For about twelve years, I was a freelance acting teacher. My students were elementary schoolers, teens and adults. No one ever told me I could teach acting. I never got a degree to teach it. But then again, no on ever told me I couldn't do it. In fact, the kids I worked with informed me that I should teach. So I did.
The email came last week, "Could we meet for lunch?" Hm. Evidently Sydney's fifth grade teacher was needing a bit of help in class. It had been two years since I had offered my services to assist in class. Ah, you never know when the call will come.
The 5th graders read the book "The Westing House" (a really good mystery I read in about 2 sittings). I was asked to help the kids write scripts and prepare them for video taping.
(Now I am off subject for a bit. Stick with me.)
A very long time ago I was afraid to try anything. I had low self esteem and in what I lacked in confidence, I made up for in an gregarious personality. A counselor once asked me if maybe I wasn't a very confident person hiding behind the word 'introvert'. "Hm," I thought to myself. "Could be some truth in this."
We will never know our niche if we don't try to find it. We can never answer that voice, that gift inside of us, if we don't give a listen. What in the world is there to be afraid of? So we flub. We goof. We might even embarrass ourselves!! Who cares....because....we just might find ourselves, too. I found in side of me a person who ended up teaching, acting in films and acting on stage. Amazing what lurks behind closed doors.
(Now I'm back on subject. Thank you for sticking with me.)
The class was divided up in groups, each to pick scenes, assign parts and to write the script from the book. Now the term "herding turtles" is akin to organizing eleven-year-olds. Some are focused, some are not and some just don't even realize that they are indeed in class (those with heads in shells). The trick is to give them a bit of excitement for what they are doing and to turn that excitement into creative energy.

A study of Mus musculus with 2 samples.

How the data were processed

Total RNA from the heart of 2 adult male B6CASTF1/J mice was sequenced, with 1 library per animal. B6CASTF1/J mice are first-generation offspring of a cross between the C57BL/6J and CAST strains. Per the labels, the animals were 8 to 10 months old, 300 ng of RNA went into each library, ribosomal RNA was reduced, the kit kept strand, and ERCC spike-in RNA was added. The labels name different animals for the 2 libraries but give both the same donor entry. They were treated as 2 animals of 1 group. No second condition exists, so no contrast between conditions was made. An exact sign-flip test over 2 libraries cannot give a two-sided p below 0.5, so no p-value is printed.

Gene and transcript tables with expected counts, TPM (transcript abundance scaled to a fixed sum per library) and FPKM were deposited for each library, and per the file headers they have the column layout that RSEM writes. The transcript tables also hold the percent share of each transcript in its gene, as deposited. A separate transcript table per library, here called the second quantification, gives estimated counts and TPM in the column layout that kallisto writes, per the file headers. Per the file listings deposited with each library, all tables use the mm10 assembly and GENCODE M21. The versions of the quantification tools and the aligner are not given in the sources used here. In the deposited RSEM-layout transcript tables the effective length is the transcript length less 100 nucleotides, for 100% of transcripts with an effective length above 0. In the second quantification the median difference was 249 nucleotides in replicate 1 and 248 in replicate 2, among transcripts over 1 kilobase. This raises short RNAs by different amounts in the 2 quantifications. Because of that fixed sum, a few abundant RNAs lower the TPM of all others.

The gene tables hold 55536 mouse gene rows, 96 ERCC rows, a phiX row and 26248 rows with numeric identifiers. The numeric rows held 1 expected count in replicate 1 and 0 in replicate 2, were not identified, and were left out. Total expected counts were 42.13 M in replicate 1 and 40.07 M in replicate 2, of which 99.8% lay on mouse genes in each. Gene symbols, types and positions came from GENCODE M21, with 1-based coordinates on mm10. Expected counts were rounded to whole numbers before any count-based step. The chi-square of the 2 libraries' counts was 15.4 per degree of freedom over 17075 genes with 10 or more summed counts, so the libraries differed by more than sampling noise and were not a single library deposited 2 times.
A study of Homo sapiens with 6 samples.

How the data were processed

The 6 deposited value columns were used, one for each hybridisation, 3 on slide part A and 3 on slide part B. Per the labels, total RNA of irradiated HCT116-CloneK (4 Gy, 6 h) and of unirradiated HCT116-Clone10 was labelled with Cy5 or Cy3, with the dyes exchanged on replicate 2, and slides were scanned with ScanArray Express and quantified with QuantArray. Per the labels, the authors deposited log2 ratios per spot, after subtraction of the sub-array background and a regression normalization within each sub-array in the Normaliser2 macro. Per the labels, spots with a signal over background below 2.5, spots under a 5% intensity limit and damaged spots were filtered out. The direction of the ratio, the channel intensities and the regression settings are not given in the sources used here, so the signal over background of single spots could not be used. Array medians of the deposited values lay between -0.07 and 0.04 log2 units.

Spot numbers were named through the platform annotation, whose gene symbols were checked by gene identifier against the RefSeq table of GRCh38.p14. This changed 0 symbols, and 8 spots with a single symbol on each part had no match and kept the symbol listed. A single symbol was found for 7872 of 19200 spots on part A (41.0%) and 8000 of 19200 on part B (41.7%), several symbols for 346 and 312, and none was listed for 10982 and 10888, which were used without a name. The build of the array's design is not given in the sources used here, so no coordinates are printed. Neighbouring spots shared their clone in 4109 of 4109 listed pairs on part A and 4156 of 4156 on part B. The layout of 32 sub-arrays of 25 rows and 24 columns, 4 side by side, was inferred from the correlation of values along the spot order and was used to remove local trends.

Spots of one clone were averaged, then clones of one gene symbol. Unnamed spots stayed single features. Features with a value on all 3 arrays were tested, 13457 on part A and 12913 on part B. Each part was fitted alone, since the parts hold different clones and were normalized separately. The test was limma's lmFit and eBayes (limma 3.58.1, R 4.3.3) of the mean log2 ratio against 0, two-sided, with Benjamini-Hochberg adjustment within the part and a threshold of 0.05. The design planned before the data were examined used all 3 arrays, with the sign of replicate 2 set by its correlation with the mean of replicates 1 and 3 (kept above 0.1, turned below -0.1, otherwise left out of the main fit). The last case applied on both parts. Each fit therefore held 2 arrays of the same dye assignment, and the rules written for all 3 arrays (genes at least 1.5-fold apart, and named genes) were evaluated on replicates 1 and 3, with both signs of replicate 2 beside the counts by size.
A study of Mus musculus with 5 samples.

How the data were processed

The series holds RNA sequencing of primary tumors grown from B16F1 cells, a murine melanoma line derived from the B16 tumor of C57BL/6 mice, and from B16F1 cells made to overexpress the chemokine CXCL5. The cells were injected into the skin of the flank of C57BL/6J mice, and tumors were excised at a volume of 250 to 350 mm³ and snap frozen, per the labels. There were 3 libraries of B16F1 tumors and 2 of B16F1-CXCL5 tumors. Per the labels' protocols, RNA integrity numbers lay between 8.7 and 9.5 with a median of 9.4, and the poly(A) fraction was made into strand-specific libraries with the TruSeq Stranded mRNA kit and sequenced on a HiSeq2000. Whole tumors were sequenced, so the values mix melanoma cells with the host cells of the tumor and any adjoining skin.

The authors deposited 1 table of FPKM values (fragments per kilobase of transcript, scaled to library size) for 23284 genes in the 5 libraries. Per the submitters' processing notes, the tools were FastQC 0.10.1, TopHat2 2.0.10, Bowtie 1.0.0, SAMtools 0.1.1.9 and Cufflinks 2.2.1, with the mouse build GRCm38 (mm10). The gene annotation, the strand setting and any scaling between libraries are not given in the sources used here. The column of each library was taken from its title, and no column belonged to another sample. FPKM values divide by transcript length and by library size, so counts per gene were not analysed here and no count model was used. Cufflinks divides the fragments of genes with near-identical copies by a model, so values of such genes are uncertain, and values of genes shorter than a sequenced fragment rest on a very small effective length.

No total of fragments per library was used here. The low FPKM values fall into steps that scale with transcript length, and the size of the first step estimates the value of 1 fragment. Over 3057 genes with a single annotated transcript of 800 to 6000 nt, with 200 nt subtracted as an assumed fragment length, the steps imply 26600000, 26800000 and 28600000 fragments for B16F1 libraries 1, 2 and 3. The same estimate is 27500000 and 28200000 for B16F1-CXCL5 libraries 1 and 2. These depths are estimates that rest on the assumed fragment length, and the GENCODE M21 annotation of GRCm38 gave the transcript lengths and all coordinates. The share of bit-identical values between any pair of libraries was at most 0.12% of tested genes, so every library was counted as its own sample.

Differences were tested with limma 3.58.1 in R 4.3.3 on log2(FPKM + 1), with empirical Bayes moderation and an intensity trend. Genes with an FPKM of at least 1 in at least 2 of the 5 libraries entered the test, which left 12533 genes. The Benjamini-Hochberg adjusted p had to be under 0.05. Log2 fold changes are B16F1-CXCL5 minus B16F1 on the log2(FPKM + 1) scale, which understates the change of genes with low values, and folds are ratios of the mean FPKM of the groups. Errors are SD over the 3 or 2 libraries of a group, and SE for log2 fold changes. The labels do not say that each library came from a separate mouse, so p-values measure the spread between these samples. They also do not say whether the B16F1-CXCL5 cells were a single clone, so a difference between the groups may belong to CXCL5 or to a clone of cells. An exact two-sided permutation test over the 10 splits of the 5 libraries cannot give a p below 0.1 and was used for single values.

Their teacher is amazing. His kids respect him and are eager to please him. He recognizes each child's strengths and weaknesses. I'm honored to work with him and his kids. I get to learn even more.
We are all a herd of turtles. Well, there are quite a few hares as well. But when everyone finds their own strengths, the progress is incredible. In the end, all of us are on the same path. It's nice when we can help one another find their niche, their own input into this thing called life. There are the leaders, the followers, those who handle props and those who direct. Those who act and those who try. It's all about allowing ourselves to interpret who we are......
This week I'm hanging with 5th graders learning to be characters, maybe learning more about their own character.
By the way......what character are you?